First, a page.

Documentary filmmaker Ezra Soiferman’s film “Grass Fed” follows Canadian actor, comedian, wrestler and musician Mike Patterson on a mission to lose 50 pounds before his wedding day four months away. Although Patterson jokes continually about the state of his body and his appearance – he weighs in at an uncomfortable 250 pounds when the show begins – his health is proving to be no laughing matter. He’s dealing with the daily struggles of chronic back pain from sciatica, which in turn prevents him from doing any physical exercise to lose weight and alleviate his pain. He’s looking to find relief from the catch-22 of his health condition when a friend suggests offhandedly that he try medical cannabis to shed some pounds.
At first glance, Patterson is incredulous. The idea of shedding pounds while getting high is counter-intuitive to Patterson – who is decidedly not a cannabis enthusiast (he’s much more of a beer drinker) and scoffs at the idea of a weed regime for weight loss. The plot soon thickens when Patterson, a lover of sweets, agrees to use cannabis-infused edibles to help him lose his unwanted weight.
Patterson is a likable character and peppers this documentary with whimsical banter, natural playfulness and continuous wisecracks as he narrates his stony sojourn through Cannabis 101. At first, he wonders if this respite from the pain by using marijuana could be the relief he needs to get back into the gym. To investigate he talks to a series of people connected to cannabis – from cultivators to fellow patients to the doctor who grants him a medical marijuana card over Skype.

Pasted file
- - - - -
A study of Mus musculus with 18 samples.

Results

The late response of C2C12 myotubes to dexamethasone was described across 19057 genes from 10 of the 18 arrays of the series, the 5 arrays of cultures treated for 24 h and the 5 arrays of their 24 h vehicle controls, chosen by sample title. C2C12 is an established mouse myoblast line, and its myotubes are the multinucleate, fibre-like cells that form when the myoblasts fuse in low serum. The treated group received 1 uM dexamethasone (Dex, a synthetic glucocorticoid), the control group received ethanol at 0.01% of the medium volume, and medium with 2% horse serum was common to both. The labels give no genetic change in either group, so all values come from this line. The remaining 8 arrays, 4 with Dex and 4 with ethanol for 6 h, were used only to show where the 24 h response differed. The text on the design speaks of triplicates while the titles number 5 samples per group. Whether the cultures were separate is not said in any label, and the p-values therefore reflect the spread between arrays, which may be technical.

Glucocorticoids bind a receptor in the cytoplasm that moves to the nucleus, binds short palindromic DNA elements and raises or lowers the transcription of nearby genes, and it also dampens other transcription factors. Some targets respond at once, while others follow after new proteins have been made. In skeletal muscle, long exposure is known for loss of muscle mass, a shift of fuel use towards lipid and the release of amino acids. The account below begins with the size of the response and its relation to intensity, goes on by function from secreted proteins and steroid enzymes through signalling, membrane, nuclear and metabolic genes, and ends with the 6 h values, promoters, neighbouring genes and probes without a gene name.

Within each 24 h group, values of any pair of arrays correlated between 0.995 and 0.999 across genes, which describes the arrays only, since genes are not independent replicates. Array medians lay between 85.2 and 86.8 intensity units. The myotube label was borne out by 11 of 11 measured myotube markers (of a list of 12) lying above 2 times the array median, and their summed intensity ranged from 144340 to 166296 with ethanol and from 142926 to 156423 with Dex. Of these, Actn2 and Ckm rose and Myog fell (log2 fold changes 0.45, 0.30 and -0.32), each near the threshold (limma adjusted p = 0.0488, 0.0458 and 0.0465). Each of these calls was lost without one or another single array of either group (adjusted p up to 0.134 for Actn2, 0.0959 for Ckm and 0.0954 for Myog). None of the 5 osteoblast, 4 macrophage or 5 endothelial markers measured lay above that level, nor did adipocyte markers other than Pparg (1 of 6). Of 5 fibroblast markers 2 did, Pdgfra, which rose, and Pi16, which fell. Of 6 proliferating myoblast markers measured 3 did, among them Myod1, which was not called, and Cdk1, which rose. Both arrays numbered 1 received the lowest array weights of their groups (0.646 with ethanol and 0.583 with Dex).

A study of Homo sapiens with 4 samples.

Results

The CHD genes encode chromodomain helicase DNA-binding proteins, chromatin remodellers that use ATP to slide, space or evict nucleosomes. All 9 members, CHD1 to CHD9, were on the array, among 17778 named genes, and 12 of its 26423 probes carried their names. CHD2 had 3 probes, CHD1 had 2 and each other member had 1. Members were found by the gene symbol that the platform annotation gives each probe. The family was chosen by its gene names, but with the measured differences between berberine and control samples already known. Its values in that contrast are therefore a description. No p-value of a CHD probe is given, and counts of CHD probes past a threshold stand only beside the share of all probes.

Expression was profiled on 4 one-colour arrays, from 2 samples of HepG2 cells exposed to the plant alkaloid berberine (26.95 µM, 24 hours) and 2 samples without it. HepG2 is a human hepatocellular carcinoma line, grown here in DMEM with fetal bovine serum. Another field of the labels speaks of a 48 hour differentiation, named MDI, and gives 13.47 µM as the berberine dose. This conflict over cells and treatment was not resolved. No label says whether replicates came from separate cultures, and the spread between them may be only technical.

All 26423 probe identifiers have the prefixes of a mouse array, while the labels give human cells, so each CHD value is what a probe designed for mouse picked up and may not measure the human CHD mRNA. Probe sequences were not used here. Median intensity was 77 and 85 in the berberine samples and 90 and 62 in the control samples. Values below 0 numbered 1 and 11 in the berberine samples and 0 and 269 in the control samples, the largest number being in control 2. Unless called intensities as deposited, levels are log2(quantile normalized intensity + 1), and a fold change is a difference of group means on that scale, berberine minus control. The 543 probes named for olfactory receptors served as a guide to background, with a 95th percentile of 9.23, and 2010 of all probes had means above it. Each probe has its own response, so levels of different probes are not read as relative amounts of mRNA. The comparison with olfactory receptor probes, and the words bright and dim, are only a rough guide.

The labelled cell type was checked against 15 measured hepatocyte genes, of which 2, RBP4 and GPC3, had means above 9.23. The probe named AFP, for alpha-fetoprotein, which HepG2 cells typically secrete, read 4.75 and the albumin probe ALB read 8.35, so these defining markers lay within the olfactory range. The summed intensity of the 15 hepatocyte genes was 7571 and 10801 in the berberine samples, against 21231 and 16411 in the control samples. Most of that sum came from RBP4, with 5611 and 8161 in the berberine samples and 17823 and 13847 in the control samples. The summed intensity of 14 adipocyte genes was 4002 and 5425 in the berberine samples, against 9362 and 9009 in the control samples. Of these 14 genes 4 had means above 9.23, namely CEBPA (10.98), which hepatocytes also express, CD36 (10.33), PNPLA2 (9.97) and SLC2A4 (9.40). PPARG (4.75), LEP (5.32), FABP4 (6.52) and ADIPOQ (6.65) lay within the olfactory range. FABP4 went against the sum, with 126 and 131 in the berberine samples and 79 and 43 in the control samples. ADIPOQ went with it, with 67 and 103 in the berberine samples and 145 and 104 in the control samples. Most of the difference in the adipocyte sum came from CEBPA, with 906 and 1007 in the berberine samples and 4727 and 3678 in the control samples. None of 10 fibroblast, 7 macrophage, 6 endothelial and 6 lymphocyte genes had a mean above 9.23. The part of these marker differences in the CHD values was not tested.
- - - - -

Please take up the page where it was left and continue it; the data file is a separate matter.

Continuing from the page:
Though the documentary broaches some pretty intimate topics throughout the film – like how depressed Patterson feels about depending on his sweet and helpful fiancé to help him put on his socks in the morning – there are moments of levity that make for enjoyable viewing. What begins as a self-deprecating sob story by a beer-drinking, night owl soon turns into a quirky adventure with an unconventional hero on a quest to improve his health through good medicine.
Viewers follow Patterson to Denver, where he watches cannabis chocolate bars being made, and to Los Angeles, where he meets with the infamous Dr. Dina and is treated to a world of assorted non-smokeables, including dermal patches, savory cannabis-infused meals, lozenges and topicals.
The film, which had its premiere showing on Canadian TV with the CBC’s Documentary Channel against the backdrop of Prime Minister Justin Trudeau’s pledge to legalize marijuana in Canada, can now be streamed or downloaded in the U.S and Canada via iTunes.
For moviegoers interested in seeing firsthand the healing effects of cannabis – and watching as a medical marijuana naysayer becomes a true-believer – this mellow and lite documentary may be just the right prescription needed.
TELL US, what is your favorite documentary about cannabis?